Facebook Likely To Be Let Off Lightly As FTC Proposes  A $5 Billion Fine For Its User Data Privacy BreachFacebook Co-founder and CEO Mark Zuckerberg. (Photo by David Ramos/Getty Images)

The Federal Trade Commission approved a $5 billion penalty to be levied on Facebook to settle a probe into the social network’s privacy and data protection lapses, The Financial Times reported.

The FTC vote to approve the settlement in a 3-2 vote with the three Republican commissioners voted in favour of the settlement, with two Democrats voting against it.

The fine, which would be the largest penalty ever imposed by the FTC for privacy violations, will now be reviewed by the US Department of Justice before official announcement is made. DoJ generally does not reject FTC recommended settlements.

In 2012, the FTC fined Google $22.5 million for violating an earlier privacy agreement with the agency. Google’s annual revenue in 2012 was $50 billion.

Facebook has already announced that it has provisioned $3 billion to cover a potential fine by the US regulator Federal Trade Commission (FTC) for a series of privacy violations.

In April this year, the tech behemoth said that it expects an ongoing investigation from the FTC could result in fines ranging from $3 billion to $5 billion.

The proposed FTC fine will have minimal financial impact on Facebook’s finances. Even a $5 billion will be equal to a mere 7 per cent of the company’s expected 2019 annual revenue of $69bn.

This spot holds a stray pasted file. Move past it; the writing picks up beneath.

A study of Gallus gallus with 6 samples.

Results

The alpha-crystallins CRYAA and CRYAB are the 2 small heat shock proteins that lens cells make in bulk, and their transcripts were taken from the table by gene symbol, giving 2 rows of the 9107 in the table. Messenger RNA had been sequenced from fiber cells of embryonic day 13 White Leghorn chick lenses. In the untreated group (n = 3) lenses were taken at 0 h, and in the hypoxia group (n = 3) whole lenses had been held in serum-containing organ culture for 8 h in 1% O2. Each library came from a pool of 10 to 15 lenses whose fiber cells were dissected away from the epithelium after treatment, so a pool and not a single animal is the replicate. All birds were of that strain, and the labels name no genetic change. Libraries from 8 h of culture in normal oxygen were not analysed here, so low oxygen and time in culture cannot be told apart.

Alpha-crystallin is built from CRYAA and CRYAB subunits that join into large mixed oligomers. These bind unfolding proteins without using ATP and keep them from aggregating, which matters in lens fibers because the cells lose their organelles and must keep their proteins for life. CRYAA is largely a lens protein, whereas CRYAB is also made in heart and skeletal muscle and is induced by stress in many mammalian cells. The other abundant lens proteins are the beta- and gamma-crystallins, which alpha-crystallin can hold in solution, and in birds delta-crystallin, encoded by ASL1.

More that the fine, what Facebook may be worried about is the regulations on the using the personal data of its users. It remains to be seen if the regulators are persuaded by recent claims by Mark Zuckerberg on his firm’s “pivot to privacy”.

Facebook has been facing increased scrutiny ever since the Cambridge Analytica scandal surfaced last March. Facebook also came under lot of criticism after it admitted that it was offering greater amount of user data to companies than it had previously admitted.

FTC launched its investigation in March 2018 after revelations during Cambridge Analytica scandal that the data of 87 million users was improperly accessed by a third party.

Cambridge Analytica was a British political consulting firm which combined data mining, data brokerage, and data analysis with strategic communication during the electoral processes. It shut down after the scandal broke out.